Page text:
I have been reading again "The End of Science" by John Horgan which I find interesting on several levels.
Firstly, whether one agrees or not with its conclusion it puts forward a most provocative hypothesis i.e. that the great era of theoretical scientific discovery is at an end with diminishing returns with respect to further development now to be expected.
Secondly it attempts to cover a wide range of different scientific fields conveying in the process some flavour of the rich developments that have already taken place.
Finally - and most notably - Horgan managed to do an impressive amount of research in interviewing a significant number of the biggest names associated with these fields (at least at the time of writing in the mid 90's). What I like most about his approach is a certain innate scepticism which prevents him from ever appearing unduly awestruck with their strongly held beliefs.
My own approach would be somewhat different to Horgan's and more optimistic that even within the confines of - what is presently accepted as - science, further impressive developments in many fields (theoretical and empirical) can be expected for some time to come.
However in the quest to obtain final definitive answers to life's greatest mysteries e.g. the origin of life, science is in fact straying way beyond present boundaries without seemingly recognising the significant limitations of its present methods.
So in the opinions of many of those interviewed there is much reductionist thinking masquerading as scientific wisdom.
What is more likely is that we are now witnessing the peaking of the golden age with respect to a particular form of science i.e. analytic science geared to quantitative interpretation of reality. However by its very nature such science is not suited to deal with qualitative issues (except in a grossly reduced manner). Likewise it is leading to significant fragmentation with respect to knowledge already accumulated.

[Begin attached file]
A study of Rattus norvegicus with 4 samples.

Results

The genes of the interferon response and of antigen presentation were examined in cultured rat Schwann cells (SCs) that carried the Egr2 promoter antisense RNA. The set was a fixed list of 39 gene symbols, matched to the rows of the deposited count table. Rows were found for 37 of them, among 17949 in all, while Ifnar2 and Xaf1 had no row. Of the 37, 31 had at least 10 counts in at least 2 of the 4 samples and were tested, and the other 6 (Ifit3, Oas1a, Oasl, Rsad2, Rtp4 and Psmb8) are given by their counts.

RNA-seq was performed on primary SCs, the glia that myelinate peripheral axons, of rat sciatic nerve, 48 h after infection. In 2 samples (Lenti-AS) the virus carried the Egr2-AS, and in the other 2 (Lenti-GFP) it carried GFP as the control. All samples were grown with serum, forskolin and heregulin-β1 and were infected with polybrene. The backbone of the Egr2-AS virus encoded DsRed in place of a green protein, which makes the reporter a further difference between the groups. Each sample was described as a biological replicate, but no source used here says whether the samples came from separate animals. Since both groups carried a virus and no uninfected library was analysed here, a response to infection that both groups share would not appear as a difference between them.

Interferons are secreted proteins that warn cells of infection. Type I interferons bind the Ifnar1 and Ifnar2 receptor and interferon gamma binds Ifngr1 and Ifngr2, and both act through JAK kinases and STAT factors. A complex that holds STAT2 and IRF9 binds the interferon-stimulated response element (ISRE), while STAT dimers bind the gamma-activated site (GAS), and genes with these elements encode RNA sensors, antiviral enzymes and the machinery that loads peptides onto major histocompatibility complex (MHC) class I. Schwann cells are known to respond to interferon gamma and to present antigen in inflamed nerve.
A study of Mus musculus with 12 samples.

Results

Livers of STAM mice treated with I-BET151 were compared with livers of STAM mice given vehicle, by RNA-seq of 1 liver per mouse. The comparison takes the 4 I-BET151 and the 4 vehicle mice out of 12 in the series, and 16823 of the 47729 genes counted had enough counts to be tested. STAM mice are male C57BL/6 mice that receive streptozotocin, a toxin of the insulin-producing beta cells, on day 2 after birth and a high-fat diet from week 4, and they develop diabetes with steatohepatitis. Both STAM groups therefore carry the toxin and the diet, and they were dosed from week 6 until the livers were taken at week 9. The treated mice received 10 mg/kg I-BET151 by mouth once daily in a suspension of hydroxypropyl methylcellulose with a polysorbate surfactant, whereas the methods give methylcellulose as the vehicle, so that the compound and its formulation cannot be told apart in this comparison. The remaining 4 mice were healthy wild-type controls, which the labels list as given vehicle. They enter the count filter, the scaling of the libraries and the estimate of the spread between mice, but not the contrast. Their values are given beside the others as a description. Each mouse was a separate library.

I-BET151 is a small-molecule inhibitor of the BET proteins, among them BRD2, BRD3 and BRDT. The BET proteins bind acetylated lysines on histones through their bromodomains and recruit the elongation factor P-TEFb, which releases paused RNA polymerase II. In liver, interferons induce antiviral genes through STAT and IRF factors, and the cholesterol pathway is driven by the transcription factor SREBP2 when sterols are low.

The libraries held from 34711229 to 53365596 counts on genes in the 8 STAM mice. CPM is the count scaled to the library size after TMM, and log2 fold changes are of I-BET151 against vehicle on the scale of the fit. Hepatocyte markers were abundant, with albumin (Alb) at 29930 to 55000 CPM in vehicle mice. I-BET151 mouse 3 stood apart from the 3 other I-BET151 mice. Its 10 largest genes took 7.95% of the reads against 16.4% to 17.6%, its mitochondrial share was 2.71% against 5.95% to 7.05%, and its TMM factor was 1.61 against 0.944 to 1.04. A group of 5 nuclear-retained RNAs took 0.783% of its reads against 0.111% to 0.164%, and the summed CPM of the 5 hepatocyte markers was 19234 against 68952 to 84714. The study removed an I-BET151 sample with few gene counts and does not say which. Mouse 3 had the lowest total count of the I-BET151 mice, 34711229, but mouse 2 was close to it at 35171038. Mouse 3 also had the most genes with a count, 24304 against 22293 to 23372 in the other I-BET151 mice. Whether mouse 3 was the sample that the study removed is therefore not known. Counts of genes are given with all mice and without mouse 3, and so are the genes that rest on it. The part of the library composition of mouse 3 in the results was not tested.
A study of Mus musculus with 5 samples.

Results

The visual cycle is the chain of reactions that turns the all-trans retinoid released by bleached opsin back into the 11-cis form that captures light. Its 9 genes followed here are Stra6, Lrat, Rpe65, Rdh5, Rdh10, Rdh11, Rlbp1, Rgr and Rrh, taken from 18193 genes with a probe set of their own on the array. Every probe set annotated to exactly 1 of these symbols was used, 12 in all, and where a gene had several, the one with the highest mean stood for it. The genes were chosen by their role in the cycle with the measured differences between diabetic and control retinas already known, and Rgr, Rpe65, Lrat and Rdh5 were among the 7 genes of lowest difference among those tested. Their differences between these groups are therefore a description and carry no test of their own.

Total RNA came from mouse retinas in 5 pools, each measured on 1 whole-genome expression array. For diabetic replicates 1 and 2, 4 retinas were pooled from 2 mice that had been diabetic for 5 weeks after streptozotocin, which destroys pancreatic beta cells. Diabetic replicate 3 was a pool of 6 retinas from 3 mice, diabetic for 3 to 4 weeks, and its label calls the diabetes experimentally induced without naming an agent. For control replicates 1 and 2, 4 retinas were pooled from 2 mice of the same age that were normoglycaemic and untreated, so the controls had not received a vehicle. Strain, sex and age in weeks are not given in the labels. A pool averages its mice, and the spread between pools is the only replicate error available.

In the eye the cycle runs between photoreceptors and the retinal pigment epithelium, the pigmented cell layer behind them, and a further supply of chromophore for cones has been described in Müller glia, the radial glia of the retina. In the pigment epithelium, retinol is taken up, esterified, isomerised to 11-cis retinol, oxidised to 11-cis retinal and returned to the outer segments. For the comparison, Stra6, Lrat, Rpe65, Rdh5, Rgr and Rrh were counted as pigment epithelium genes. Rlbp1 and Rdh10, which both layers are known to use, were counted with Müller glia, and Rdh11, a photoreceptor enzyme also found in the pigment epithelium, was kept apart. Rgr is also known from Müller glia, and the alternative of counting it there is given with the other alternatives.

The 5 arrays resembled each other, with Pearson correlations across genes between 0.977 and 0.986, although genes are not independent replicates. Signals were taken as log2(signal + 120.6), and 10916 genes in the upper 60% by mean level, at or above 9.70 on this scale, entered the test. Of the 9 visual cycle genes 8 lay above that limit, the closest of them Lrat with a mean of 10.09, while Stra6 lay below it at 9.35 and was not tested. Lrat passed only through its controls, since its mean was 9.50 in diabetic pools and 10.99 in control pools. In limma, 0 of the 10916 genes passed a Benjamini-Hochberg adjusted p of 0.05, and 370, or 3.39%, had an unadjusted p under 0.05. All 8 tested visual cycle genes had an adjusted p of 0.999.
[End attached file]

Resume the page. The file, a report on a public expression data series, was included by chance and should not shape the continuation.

It has become increasingly obvious to me over the past 40 years or so that what we now need is a truly massive revolution in the accepted nature of science itself which will allow for the proper inclusion of an equally important - though utterly distinctive - holistic qualitative aspect. And then with gradual development of a more specialised appreciation of the nature of such qualitative science, we will be in a position to unleash its true potential in a comprehensive approach that combines both quantitative and qualitative aspects as equal partners.
So I would say with considerable confidence that we are not witnessing the end of science. Rather we are perhaps witnessing the end of the total domination of just one aspect of science i.e. its analytic quantitative aspect.
However in terms of a truly comprehensive worldview, science is still very much in its early infancy.